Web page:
The word “martyr” gets in the news these days in the context of suicidal Muslim terrorists. It is ironic that such people are called “martyrs”. The word actually means “witness”. What does their actions and their death say about their theology? I hear, “God is full of hate”, “I am full of hate”, and “I will do anything to advance my selfish ambitions for the afterlife.” Not exactly a compelling witness.
Christians have long used the word “martyr” for those who lost their lives because of their faith. They did not commit suicide or even seek death, their lives were taken from them out of hatred for God or his message. Their witness was “The gift of eternal life is better than this life”, and “I am not afraid to die because I trust God”. That is a very different witness.
Martyrdom for Christians is not something isolated to the first century. While the Romans took their share, genuine disciples of Jesus have been killed through the centuries, sometimes even by nominal Christian institutions. Today, Christians are under the greatest threat of death in Muslim and Communist countries.
A strong theme, maybe even the main theme, of the book of Revelation is that martyrdom for the sake of Christ is well worth it. Martyrs get special mention in Revelation 6:9-11, 12:11 and 20:4. What do these passages teach us about this special class of people?
When he opened the fifth seal, I saw under the altar the souls of those who had be slain because of the word of God and the testimony they had maintained. They called out in a loud voice, “How long Sovereign Lord, holy and true, until you judge the inhabitants of the earth and avenge our blood? Then each of them was given a white robe, and they were told to wait a little longer, until the number of their fellow servants and brothers who were to be killed as they had been was completed. (Rev. 6:9-11)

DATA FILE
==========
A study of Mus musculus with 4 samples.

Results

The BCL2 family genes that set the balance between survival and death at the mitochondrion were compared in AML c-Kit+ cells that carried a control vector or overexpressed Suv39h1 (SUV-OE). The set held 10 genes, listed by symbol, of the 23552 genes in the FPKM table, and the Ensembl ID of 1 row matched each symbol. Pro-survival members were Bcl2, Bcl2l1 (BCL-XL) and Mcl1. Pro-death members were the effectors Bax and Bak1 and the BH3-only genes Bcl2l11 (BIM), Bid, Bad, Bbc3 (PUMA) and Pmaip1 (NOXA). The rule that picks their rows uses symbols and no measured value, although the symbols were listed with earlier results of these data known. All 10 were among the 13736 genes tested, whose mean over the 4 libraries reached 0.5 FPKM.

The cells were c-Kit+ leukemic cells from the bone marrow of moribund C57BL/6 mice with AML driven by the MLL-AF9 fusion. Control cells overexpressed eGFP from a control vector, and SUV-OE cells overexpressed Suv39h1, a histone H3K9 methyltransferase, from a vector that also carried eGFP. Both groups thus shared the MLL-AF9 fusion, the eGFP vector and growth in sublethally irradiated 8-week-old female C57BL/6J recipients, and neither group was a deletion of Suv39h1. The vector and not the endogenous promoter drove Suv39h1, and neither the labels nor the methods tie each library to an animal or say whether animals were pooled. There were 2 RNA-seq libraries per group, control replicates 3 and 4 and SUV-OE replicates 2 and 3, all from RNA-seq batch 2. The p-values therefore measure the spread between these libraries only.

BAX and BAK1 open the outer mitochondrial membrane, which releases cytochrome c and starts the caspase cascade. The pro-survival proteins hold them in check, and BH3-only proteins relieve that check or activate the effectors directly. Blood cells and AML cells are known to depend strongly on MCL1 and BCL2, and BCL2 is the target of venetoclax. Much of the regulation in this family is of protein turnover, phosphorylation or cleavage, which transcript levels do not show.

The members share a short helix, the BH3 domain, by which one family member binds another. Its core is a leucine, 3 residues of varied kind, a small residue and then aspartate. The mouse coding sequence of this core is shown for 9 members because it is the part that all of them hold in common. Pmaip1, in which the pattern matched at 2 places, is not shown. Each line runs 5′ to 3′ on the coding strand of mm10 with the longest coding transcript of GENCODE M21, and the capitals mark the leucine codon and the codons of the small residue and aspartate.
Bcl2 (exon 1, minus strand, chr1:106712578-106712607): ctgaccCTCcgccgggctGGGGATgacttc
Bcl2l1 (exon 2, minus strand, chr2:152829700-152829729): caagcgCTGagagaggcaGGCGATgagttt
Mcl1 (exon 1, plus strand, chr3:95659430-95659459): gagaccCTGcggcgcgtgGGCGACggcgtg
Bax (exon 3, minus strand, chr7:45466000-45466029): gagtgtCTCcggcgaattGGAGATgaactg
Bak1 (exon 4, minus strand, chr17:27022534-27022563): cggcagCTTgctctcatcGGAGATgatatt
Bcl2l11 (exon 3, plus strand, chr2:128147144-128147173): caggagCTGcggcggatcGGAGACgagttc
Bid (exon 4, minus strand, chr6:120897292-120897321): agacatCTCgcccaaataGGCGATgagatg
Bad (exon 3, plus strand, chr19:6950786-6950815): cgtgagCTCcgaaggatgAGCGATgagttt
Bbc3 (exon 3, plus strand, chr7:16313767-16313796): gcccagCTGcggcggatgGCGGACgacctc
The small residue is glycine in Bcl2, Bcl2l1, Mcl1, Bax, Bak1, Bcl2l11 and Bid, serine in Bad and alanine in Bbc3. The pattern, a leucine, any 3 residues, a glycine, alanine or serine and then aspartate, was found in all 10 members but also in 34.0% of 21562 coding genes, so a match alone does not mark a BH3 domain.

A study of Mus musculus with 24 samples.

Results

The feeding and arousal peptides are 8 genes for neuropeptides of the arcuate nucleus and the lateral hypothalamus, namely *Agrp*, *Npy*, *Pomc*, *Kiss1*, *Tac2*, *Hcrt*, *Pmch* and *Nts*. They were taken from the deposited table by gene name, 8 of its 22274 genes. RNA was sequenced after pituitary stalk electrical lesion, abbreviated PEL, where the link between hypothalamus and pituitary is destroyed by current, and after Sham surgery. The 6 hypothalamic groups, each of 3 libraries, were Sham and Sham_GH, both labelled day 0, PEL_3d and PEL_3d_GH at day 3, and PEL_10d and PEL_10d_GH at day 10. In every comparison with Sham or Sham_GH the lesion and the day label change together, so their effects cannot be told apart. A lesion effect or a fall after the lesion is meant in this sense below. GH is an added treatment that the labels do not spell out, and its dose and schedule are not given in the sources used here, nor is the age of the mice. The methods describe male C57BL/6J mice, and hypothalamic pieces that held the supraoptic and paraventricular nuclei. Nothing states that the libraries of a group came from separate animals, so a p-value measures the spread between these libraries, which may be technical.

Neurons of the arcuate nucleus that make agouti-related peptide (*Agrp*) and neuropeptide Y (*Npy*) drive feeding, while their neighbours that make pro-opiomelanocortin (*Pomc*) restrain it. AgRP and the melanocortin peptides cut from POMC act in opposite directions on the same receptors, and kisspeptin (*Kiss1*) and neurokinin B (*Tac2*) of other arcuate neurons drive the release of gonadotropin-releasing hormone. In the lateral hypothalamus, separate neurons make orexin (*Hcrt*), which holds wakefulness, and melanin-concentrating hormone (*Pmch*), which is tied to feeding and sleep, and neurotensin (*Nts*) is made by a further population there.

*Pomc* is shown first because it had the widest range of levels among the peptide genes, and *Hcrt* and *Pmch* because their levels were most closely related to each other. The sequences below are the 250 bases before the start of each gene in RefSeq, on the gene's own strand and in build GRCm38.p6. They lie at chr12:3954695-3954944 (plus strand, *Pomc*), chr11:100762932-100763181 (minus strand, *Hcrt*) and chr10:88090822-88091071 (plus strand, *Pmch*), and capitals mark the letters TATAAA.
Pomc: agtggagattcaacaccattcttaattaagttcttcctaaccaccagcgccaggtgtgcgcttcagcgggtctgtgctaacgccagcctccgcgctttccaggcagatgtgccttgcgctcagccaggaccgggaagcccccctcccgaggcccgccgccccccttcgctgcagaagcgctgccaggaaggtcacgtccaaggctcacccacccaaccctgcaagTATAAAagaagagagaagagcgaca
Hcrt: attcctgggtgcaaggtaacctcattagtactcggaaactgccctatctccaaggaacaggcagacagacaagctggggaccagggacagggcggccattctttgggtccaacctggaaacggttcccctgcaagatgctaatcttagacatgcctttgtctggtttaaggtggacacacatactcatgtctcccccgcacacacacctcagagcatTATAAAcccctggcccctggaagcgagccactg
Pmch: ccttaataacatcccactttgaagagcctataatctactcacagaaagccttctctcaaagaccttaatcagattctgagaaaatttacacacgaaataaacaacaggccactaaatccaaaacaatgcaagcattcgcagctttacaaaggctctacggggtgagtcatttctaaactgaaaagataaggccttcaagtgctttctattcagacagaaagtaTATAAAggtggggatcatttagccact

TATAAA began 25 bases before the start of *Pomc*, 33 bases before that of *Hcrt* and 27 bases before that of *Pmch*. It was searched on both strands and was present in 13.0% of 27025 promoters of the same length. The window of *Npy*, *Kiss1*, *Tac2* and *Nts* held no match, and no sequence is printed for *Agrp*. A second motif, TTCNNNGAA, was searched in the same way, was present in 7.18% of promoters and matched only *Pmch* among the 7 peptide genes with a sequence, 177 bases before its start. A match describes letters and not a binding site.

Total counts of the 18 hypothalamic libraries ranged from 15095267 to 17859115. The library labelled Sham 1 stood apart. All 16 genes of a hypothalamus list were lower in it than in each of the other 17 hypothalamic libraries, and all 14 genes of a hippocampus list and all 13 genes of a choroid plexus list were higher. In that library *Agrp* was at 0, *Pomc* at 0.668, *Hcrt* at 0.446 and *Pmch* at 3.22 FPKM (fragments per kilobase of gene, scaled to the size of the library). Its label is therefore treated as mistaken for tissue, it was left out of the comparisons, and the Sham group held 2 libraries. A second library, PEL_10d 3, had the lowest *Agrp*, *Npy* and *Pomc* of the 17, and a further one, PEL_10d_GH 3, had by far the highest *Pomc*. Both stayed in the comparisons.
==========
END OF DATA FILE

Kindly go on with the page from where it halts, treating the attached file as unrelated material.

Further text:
This passage is important because it rules out the idea of soul sleep or that we go immediately to Judgment Day at our death. It also lines out one of the criterion for the timing of Judgment Day–there are a preset or pre-known number of martyrs. You might think this a strange and morbid standard, but to be a martyr is a high honor. Those who experience this are chosen for this. Their location “under the altar” brings to mind where the blood of the sacrifices was poured. Only the sacrifice of Christ has merit in saving others. But the death of the martyrs hasn’t historically deterred faith in Christ but it has counter-intuitively advanced it. They are a sacrifice pleasing to God in the sense that they truly trusted him, and their deaths advanced the Gospel.
The gift of a “white robe” is common for all who die in Christ. It is probably not clothing but a reference to a heavenly body that is pure. The desire for judgment may be a surprise. It doesn’t feel like love for your enemy. Such judgment is just, however. It doesn’t preclude the possibility of repentance and forgiveness.
In Revelation 12 the martyrs are honored and their praise is sung. In Revelation 20 it speaks specifically of souls who were beheaded. This is probably synecdoche and actually refers to all martyrs. Here they have the honor of reigning with Christ. What is that? In this context, it would seem that they are part of God’s divine council, which actually participates in making decisions executable on Earth. This honor would make sense since their lifetimes were cut short on Earth.